Q&A with new Y.O.U. director

Jia You



Daily: How do you feel about your new job?

Green: I think Y.O.U. is an incredibly exciting organization, and … I’m both thrilled being in such a valuable organization and similarly thrilled to be following the footsteps of someone who has made such a tremendous contribution to the community.

Daily: You were working for the Job Investment Opportunity Network in Philadelphia previously. Why did you join Y.O.U?

Green: Well, my wife accepted a job as an assistant professor in history at Northwestern. She’s going to be starting at the faculty there in fall, so I was following her. And then I started looking at opportunities. By far, the one I was most excited about was Y.O.U. because I just think that what the organization is doing is so transformative and important.

Daily: So how does your new job compare to your work at JOIN?

Green: The biggest similarity is that both are focused on making sure that all people have the opportunity to realize their potential. The biggest difference is at JOIN, I focus primarily on helping

adults go back for education, build their social and emotional skills and then get jobs so that they can support their families. At Y.O.U., the primary focus is on youth, up to 18, although we’re also very interested in supporting families that the youths are part of because we realized that you need holistic solutions to support young people.

Daily: What do you identify as the biggest challenges facing youths in Evanston?

Green: Obviously, the economy is a challenge for everyone. What a number of studies show is that the impact of living in poverty is very difficult on adolescent mental health because there’s a tremendous amount of stress that goes along with that. Like the country, Evanston has seen increases in poverty with this recession, and that makes it very difficult for students to fully access all the resources they need to fully realize their potential. If you’re a young person and you’re worried about foreclosure, it’s very hard to be fully present at school and to be able to fully realize your potential, so I say that’s one challenge. Obviously, you probably have heard in the news some of the recent violence. I think all youths, and I’m sure all families in Evanston, are very concerned about the violence … The key is that we make places like the Evanston Township High School as safe as possible.

Daily: So how do you plan to address the impact of the economy and the violence on youth?

Green: On the impact of the recession, one of the things that are absolutely critical is that we have clinical counseling available to support students and their families on traumatic mental health issues. It is incredibly difficult to deal with the issues this recession has brought on families. And what a lot of research show is that programs that help people deal with those consequences are ultimately the most effective in helping ensure that those youth also end up succeeding in school and in social and emotional development. In terms of youth violence, this is something that we’re still in conversation about. We’re watching what’s happening very closely, and we’re talking with a lot of families that are involved in our programs and with a lot of experts in the field about how we can best address issues of violence in a way that is long term and supportive and holistic. And I think one of the things that speaks a lot about Evanston is that as this violence has happened, people have been asking all the right questions – how can we create a more supportive and nurturing environment for youths, how can we prevent youth being on their own (after school).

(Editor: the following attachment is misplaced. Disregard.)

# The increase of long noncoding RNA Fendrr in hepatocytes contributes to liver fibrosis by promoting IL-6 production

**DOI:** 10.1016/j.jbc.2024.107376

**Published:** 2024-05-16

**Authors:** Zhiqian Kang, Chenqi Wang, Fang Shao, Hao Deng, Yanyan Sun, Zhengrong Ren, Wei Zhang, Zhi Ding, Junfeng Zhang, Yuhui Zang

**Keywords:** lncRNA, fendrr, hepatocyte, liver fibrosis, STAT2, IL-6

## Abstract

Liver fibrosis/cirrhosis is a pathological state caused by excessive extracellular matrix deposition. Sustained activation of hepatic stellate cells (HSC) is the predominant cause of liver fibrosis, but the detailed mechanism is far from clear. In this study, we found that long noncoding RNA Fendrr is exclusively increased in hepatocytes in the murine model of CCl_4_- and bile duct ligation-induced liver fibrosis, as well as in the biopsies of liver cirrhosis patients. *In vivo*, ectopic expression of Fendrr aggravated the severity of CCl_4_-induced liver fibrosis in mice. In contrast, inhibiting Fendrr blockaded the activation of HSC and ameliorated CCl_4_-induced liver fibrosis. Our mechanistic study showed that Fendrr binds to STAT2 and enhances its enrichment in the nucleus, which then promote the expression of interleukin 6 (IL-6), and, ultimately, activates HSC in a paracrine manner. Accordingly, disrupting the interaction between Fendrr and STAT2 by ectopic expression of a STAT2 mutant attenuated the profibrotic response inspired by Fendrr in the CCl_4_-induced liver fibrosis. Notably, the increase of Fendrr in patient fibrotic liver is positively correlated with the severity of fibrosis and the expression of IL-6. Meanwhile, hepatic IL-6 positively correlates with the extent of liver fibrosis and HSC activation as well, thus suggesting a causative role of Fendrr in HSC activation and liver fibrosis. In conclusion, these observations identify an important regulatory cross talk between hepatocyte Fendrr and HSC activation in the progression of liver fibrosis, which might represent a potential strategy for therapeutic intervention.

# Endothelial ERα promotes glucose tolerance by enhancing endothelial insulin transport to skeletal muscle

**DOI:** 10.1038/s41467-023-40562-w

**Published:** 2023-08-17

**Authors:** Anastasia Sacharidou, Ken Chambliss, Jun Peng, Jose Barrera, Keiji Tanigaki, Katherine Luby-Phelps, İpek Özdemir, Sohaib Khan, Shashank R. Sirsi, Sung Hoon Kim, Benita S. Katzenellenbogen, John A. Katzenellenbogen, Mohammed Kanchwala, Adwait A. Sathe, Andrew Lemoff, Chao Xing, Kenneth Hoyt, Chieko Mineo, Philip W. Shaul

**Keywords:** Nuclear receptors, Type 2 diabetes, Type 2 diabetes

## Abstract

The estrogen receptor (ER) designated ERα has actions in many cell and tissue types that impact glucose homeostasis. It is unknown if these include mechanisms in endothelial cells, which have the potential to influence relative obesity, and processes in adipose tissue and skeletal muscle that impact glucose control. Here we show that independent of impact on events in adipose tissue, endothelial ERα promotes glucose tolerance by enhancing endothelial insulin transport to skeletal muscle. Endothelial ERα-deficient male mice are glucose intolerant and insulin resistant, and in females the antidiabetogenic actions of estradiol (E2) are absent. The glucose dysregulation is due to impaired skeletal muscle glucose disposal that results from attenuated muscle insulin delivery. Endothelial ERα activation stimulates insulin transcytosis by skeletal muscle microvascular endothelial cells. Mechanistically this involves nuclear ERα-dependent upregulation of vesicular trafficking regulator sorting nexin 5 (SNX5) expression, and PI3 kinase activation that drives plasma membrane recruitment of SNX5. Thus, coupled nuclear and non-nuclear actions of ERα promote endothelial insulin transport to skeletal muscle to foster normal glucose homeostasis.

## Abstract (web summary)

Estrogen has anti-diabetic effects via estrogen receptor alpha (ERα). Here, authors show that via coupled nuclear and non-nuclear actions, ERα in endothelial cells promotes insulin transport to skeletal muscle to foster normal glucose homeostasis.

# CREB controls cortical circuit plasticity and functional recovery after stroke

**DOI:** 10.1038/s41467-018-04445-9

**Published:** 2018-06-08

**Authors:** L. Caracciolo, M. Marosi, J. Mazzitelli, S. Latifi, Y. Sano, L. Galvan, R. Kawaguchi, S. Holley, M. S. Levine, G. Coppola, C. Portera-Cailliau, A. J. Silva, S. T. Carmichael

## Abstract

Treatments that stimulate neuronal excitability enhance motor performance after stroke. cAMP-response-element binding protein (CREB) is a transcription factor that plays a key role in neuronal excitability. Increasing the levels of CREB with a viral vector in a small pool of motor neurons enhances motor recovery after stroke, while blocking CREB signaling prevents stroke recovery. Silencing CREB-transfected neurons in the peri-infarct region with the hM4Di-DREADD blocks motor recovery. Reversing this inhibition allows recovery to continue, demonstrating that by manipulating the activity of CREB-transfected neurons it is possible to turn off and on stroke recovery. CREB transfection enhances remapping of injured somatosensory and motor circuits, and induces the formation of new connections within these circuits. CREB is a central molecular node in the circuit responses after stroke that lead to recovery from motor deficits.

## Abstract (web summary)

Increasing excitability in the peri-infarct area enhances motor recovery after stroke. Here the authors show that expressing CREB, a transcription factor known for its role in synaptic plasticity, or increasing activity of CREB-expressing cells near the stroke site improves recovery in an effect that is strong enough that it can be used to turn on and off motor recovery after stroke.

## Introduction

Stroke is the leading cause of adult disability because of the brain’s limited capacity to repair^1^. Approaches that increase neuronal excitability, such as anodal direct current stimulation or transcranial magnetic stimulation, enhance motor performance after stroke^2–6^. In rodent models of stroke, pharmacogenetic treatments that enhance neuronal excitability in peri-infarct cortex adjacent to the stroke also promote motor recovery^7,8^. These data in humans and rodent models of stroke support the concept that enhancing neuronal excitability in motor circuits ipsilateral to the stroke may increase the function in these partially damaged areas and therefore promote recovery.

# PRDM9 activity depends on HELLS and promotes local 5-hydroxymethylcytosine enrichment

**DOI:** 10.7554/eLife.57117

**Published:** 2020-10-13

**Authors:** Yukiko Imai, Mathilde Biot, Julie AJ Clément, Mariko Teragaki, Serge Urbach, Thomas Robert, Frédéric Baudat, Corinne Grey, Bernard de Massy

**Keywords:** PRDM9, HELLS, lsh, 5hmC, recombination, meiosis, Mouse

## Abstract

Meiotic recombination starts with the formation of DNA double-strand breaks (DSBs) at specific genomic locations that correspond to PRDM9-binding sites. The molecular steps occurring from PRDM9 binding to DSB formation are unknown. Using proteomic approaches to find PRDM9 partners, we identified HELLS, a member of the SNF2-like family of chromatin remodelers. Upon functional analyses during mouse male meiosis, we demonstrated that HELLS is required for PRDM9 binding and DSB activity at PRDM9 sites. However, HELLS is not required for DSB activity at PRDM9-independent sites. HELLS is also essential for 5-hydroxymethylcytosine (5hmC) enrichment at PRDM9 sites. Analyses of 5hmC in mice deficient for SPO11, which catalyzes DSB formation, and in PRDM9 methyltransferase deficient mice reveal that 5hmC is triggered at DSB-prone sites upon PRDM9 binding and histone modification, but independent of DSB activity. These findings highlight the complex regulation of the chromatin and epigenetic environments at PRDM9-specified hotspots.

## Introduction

Daily: How has the transition from Philadelphia to Evanston been for you?

Green: I am formally moving in next weekend. I would say they have a lot in common. They’re both cities with great resources but also inequality. I think what makes Evanston truly unique is the level of commitment to inclusiveness and diversity.

Daily: How does your daughter feel about moving to Evanston?

Green: Well, she’s only four months old. The nice thing is that we really wanted to raise our daughter in a community like Evanston. We want her to go to schools that are diverse. We wanted her to be among a group of people who are facing the real challenges that people across the country are facing. We also want her to go to a great school where people really care about each other, where they value diversity instead of seeing it as a challenge. I’m just absolutely thrilled that my daughter can grow up in a place like Evanston.